Review: Netflix Animated Feature America: The Motion Picture Pokes Boisterous Fun at America’s Founding

It’s safe to say, I don’t believe your high school history classes taught you the version of the Revolutionary War that is presented in the animated action movie America: The Motion Picture, in which a positively ripped George Washington (appropriately voiced by Channing Tatum) avenges the death of his best friend Abraham Lincoln (Will Forte), after he is assassinated by Benedict Arnold (Andy Samberg), who also happens to be a a werewolf. In truth, this fictional version of events is far more cinematic and cool than what really happened.

America Motion Picture
Image courtesy of Netflix

Directed by animation veteran Matt Thompson (Sealab 2021, Archer), produced by Phil Lord and Christopher Miller (The LEGO Movie, Spider-Man: Into the Spider-Verse), and written by Dave Callaham (The Expendables, the upcoming Shang-Chi and the Legend of the Ten Rings, the current Mortal Kombat), there’s something about this combination of talent that brings this revisionist tale of historical figures coming together to defeat the British occupiers that isn’t any more concerned with political correctness than it is with historical accuracy.

Borrowing heavily from current pop culture/action movie iconography, America opens with the aforementioned assassination of Lincoln by Arnold, who is secretly working for King James (Simon Pegg, an absolute highlight). When Washington realizes what he’s up against, he decides to piece together a fellowship/superhero team/league of extraordinary gentlepeople and scoundrels to fight the British hordes and free America. Among those he recruits are frat-bro Samuel Adams (Jason Mantzoukas); inventor and science supporter Thomas Edison (Olivia Munn); world-renowned tracker Geronimo (Raoul Max Trujillo); blacksmith John Henry (Run the Jewels’ Killer Mike), whom everybody thinks is named Black Smith; and master horseman and likely walking brain injury Paul Revere (Bobby Moynihan). Judy Greer is also on hand as George’s love interest (and fully stacked future wife) Martha Dandridge, and together this team begins their fight for justice.

The film has no issues pointing out the hypocrisies of the American Revolution, which really only resulted in the freedom of white men, making the presence of some of this team a little dicey. Geronimo thinks he’s fighting to get native lands restored to their original owners; John Henry thinks he’s fighting to end slavery; Edison believes she’s fighting for equal rights and science. If they didn’t all agree that life would be better without the British, this team wouldn’t have much to talk about at a party.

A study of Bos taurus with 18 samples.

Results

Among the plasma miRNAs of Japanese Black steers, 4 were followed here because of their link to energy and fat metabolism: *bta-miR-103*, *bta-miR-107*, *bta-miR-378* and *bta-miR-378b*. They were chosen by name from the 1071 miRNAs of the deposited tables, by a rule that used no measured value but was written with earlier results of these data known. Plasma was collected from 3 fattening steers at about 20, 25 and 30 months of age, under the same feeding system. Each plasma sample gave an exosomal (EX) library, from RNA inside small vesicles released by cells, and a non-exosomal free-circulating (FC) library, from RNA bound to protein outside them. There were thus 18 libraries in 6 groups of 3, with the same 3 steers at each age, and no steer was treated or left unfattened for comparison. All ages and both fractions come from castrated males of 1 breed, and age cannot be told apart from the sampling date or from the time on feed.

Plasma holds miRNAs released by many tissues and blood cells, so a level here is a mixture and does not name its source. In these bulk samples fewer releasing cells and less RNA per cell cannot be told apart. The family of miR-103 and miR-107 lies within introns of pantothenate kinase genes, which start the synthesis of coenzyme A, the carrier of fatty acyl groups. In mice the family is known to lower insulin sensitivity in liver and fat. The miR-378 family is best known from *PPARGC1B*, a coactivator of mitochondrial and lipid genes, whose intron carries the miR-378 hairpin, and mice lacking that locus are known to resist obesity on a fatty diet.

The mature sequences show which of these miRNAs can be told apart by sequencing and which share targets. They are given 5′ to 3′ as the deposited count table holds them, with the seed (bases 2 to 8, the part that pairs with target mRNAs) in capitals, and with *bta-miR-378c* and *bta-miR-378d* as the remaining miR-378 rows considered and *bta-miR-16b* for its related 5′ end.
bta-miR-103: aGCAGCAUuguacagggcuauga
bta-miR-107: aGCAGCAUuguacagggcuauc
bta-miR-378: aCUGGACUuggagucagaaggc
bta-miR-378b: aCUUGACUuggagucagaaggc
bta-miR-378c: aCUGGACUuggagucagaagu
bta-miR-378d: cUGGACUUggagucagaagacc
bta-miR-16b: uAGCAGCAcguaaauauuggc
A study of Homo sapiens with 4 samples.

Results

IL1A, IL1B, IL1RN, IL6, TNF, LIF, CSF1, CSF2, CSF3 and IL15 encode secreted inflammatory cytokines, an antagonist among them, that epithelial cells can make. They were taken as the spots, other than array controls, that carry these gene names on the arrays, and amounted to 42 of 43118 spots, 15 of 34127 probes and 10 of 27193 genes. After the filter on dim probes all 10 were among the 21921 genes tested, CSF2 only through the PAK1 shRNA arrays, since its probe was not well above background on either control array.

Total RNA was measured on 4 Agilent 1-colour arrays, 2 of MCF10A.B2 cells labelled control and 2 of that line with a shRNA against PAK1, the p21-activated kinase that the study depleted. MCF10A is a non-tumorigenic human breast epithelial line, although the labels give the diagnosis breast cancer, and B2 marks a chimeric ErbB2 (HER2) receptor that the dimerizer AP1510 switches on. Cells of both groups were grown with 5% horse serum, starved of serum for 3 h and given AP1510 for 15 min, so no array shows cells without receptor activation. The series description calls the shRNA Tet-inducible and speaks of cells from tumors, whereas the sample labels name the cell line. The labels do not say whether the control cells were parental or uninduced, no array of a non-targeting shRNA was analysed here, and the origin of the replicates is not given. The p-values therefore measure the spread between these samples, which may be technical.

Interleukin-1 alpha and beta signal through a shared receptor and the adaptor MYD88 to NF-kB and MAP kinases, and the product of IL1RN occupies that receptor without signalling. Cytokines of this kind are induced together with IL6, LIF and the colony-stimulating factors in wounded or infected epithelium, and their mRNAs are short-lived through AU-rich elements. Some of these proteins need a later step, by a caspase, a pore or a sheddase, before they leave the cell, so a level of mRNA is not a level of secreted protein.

The humor here can be as broad and boisterous as it is razor sharp and laser focused, but the pacing of both the action, jokes and general absurdity of the situations is relentless to the point where you barely notice the gags that don’t land. Much like its namesake, America doesn’t skimp on the cartoon bloodshed, four-letter words, and sex (okay, there isn’t that much sex, and what’s here doesn’t hold a candle to Team America, which I’m assuming people will compare this film to). The final battle scene is just one ridiculous moment after another with references to Star Wars, The Lord of the Rings, Transformers, Robocop, and pretty much any other recent action movie franchise you can name. The goal here is outrageous fun, mocking the re-writing of history to serve political agendas, and a deep appreciation of the possibilities within the genre of history. I’m guessing you’ll know within two minutes of watching if this film is for you, but it’s as audacious and excessive as our Founding Parents would have wanted it.

The film is now streaming on Netflix.

Did you enjoy this post? Please consider supporting Third Coast Review’s arts and culture coverage by making a donation. Choose the amount that works best for you, and know how much we appreciate your support! 

Steve Prokopy
Steve Prokopy

Steve Prokopy is chief film critic for the Chicago-based arts outlet
Third Coast Review. For nearly 20 years, he was the Chicago editor for
Ain’t It Cool News, where he contributed film reviews and
filmmaker/actor interviews under the name “Capone.” Currently, he’s a
frequent contributor at /Film ( and Backstory Magazine.
He is also the public relations director for Chicago's independently
owned Music Box Theatre, and holds the position of Vice President for
the Chicago Film Critics Association. In addition, he is a programmer
for the Chicago Critics Film Festival, which has been one of the
city's most anticipated festivals since 2013.